What is Canine Glaucoma?
Glaucoma is an eye condition in which an increase of the intra-ocular pressure on the optic nerve causing inadequate fluid drainage in the eye. Depending on the form of Glaucoma, this eye condition can cause permanent blindness in your dog.
Primary glaucoma is an inherited condition affecting certain breeds, where the eye fluid drainage problems are linked to genetic abnormalities.
Breeds Typically Affected by Primary Glaucoma
- Cocker Spaniels
- Chow chows
- Great Danes
- Basset Hound
Secondary Glaucoma is a side effect of a secondary ocular disease the increased intraocular pressure.
- Uveitis (Inflammation)
- Lens Luxation
- Retinal Detachment
- Watery Eyes
- Eye Pain
Symptoms of Glaucoma
Early symptoms of glaucoma are a lack of interest in playing or other behavior changes, you dog may become more irritable or lethargic. Visible signs are a constant rubbing of the eyes and face, squinting or blinking all of the time, your dog may have two visible different sized pupils and as the disease progresses your dog's pupils will become a cloudy white or blue.
How Glaucoma is Diagnosed
Glaucoma can be diagnosed with a combination of methods. Your vet will begin by testing the vision of your dog. After, measurements of the intra-ocular pressure will be taken, along with a detailed examination inside the eye and gonioscopy (a test that uses a special type of contact lens to look inside the eye in order to identify primary closed angle glaucoma). Ultrasound scanning of the eye could also be recommended if the vet is unable to see into the eye directly.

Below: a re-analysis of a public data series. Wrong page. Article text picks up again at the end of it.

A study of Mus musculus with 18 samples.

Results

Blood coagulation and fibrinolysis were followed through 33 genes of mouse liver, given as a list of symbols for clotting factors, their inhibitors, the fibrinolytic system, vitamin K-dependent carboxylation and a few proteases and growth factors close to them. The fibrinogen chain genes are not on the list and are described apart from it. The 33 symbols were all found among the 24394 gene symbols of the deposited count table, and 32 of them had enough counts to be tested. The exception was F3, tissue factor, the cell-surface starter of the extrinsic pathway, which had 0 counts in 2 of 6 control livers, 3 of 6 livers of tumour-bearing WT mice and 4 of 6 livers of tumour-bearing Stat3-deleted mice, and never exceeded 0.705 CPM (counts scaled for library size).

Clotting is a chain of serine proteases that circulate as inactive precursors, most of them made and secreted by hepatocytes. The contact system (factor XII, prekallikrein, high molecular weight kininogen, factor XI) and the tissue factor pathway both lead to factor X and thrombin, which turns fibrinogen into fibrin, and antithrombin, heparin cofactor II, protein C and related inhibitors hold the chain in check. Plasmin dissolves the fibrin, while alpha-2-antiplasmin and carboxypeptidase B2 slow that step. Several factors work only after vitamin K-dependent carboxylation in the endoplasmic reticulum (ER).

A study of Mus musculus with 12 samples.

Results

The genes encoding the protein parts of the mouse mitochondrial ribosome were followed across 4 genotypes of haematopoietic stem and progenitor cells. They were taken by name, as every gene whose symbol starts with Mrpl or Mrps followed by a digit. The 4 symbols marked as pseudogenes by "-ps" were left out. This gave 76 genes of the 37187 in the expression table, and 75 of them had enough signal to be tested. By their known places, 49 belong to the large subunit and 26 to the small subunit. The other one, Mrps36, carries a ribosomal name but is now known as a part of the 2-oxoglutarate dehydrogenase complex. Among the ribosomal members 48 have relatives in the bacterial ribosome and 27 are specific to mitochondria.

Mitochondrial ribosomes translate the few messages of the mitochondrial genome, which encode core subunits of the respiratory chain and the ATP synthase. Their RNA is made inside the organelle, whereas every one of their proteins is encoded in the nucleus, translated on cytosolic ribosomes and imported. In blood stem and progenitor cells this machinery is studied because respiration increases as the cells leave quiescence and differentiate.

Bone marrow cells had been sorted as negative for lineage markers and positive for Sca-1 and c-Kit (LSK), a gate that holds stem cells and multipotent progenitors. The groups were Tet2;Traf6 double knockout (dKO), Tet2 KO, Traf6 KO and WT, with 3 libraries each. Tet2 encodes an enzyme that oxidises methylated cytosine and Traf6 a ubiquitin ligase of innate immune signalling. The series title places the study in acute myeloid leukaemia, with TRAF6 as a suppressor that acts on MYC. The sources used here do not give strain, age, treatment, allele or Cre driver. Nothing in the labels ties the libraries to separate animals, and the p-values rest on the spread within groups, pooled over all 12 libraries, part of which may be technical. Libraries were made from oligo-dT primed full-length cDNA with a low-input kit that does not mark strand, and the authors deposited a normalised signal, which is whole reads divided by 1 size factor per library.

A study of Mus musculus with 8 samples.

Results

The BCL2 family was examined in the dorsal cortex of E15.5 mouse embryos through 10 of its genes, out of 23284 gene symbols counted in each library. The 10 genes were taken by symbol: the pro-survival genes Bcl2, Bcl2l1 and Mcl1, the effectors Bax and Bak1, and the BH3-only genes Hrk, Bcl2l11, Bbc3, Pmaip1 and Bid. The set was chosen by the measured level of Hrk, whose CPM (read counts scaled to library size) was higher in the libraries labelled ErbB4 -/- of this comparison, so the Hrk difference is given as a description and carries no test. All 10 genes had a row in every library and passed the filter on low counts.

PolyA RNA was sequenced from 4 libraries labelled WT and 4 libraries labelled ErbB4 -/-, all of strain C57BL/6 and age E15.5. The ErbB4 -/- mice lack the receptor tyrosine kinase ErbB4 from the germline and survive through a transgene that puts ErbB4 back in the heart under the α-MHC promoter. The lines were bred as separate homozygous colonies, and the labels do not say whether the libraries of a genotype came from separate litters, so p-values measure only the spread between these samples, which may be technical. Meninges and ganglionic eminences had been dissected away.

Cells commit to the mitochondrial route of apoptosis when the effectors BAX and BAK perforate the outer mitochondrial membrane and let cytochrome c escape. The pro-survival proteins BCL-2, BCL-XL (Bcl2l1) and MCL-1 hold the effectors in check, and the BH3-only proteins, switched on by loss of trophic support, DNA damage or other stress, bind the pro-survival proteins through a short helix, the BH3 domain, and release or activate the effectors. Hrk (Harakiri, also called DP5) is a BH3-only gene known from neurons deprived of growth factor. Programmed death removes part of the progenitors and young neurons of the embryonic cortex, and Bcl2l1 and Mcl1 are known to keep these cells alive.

Is Glaucoma Reversible?
Oftentimes, glaucoma goes unnoticed as pets adapt very quickly to declining eyesight so the disease progresses past the point of treatment. If you are able to catch the symptoms of canine glaucoma, medications that can decrease fluid production and promote drainage can be prescribed to treat the increased pressure.
In more severe cases, surgery can be preformed by a veterinary ophthalmologist.
If the glaucoma has progressed to the point of blindness and your dog in extreme discomfort due to the increased pressure, the ophthalmologist may remove your dogs eye to remove the source of the pressure and pain.
How to Help A Blind Dog Get Around
If your dog does end up losing their eyesight due to glaucoma, blindness is a perfectly manageable condition! Dogs are able to adapt to going blind very easily. Some of the key things to consider to help your blind dog navigate without their sight is consider getting them a Blind Dog Halo. The Halo allows your dog to play, run, and generally be a normal dog without having to worry about hurting themselves by running into walls and furniture.
You will also want to avoid moving the furniture around, your pup will have the house mapped out in their mind and a change of layout will completely throw off your dog.
A blind dog can do everything a sighted dog can do! As you and your dog adapt to their blindness you will find not much about their day to day routine has to change.